Word problems test both your math skills and your reading comprehension skills. In order to answer them correctly, you'll need to examine the questions carefully. Always make sure you know what is being asked, what operations are necessary and what units, if any, you need to include in your answer.
Eliminate Extraneous Data
Sometimes, word problems include extraneous data that is not necessary to solve the problem. For example:
Kim won 80 percent of her games in June and 90 percent of her games in July. If she won 4 games in June and played 10 games in July, how many games did Kim win in July?
The simplest way to eliminate extraneous data is to identify the question; in this case, "How many games did Kim win in July?" In the example above, any information that doesn't deal with the month of July is unnecessary to answer the question. You are left with 90 percent of 10 games, allowing you to do a simple calculation:
Calculate Additional Data
Read the question portion twice to make sure you know what data you need to answer the question:
On a test with 80 questions, Abel got 4 answers wrong. What percentage of questions did he get right?
The word problem only gives you two numbers, so it would be easy to assume that the questions involves those two numbers. However, in this case, the question requires that you calculate another answer first: the number of questions Abel got right. You'll need to subtract 4 from 80, then calculate the percentage of the difference:
80-4=78, and 78/80*100=97.5 percent
Rephrase Difficult Problems
Remember that you can often rearrange problems to make them simpler. This is especially useful if you don't have a calculator available:
Gina needs to score at least 92 percent on her final exam to get an A for the semester. If there are 200 questions on the exam, how many questions does Gina need to get right in order to earn an A?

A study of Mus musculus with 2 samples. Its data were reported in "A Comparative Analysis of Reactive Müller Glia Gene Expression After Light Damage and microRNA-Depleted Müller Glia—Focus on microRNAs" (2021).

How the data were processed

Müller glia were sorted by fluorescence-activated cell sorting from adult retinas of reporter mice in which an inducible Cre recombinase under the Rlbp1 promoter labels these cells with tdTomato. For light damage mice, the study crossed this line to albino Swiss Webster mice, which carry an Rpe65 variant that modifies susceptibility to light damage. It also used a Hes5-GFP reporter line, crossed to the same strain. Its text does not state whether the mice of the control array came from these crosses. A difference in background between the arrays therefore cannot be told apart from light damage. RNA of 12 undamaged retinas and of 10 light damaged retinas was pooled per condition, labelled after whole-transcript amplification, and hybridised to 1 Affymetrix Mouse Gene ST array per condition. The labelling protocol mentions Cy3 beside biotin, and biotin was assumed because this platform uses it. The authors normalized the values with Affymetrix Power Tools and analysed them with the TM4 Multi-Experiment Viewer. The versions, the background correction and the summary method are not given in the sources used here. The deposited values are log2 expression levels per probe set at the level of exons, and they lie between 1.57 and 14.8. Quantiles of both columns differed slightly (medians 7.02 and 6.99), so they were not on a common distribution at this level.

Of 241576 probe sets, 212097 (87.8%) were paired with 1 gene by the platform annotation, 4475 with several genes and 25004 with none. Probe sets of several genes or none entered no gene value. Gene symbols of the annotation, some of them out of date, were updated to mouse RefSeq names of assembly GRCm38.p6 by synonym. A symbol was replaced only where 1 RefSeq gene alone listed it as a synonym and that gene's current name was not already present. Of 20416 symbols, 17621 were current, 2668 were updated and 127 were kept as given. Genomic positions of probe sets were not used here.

The standard approach would be to multiply 200 by 0.92: 200*.92=184. While this is a simple process, you can make the process even simpler. Instead of finding 92 percent of 200, find 200 percent of 92 by doubling it:
This method is particularly useful when you are dealing with numbers with known ratios. If, for example, the word problem asked you to find 77 percent of 50, you could simply find 50 percent of 77:
50*.77=38.5, or 77/2=38.5
Account for Units
Convert your answers into appropriate units:
Cassie works from 7 a.m. to 4 p.m. each weekday. If Cassie worked 82 percent of her shift on Wednesday and worked 100 percent of her other shifts, what percent of the week did she miss? How much time did she work in total?
First, calculate how many hours Cassie works per day, taking noon into account, then per week:
Next, calculate 82 percent of 9 hours:
Subtract the product from 9 for the total hours missed:
Calculate what percentage of the week she missed:
The second question asks for an amount of time, which means you'll need to convert the decimal into time increments. Add the product to the other four work days:
Convert the decimal into minutes:
Convert the remaining decimal into seconds:
So Cassie missed 3.6 percent of her week, and worked 43 hours, 22 minutes and 48 seconds total.
About the Author
Since 2003, Momi Awana's writing has been featured in "The Hawaii Independent," "Tradewinds" and "Eternal Portraits." She served as a communications specialist at the Hawaii State Legislature and currently teaches writing classes at her library. Awana holds a Master of Arts in English from University of Hawaii, Mānoa.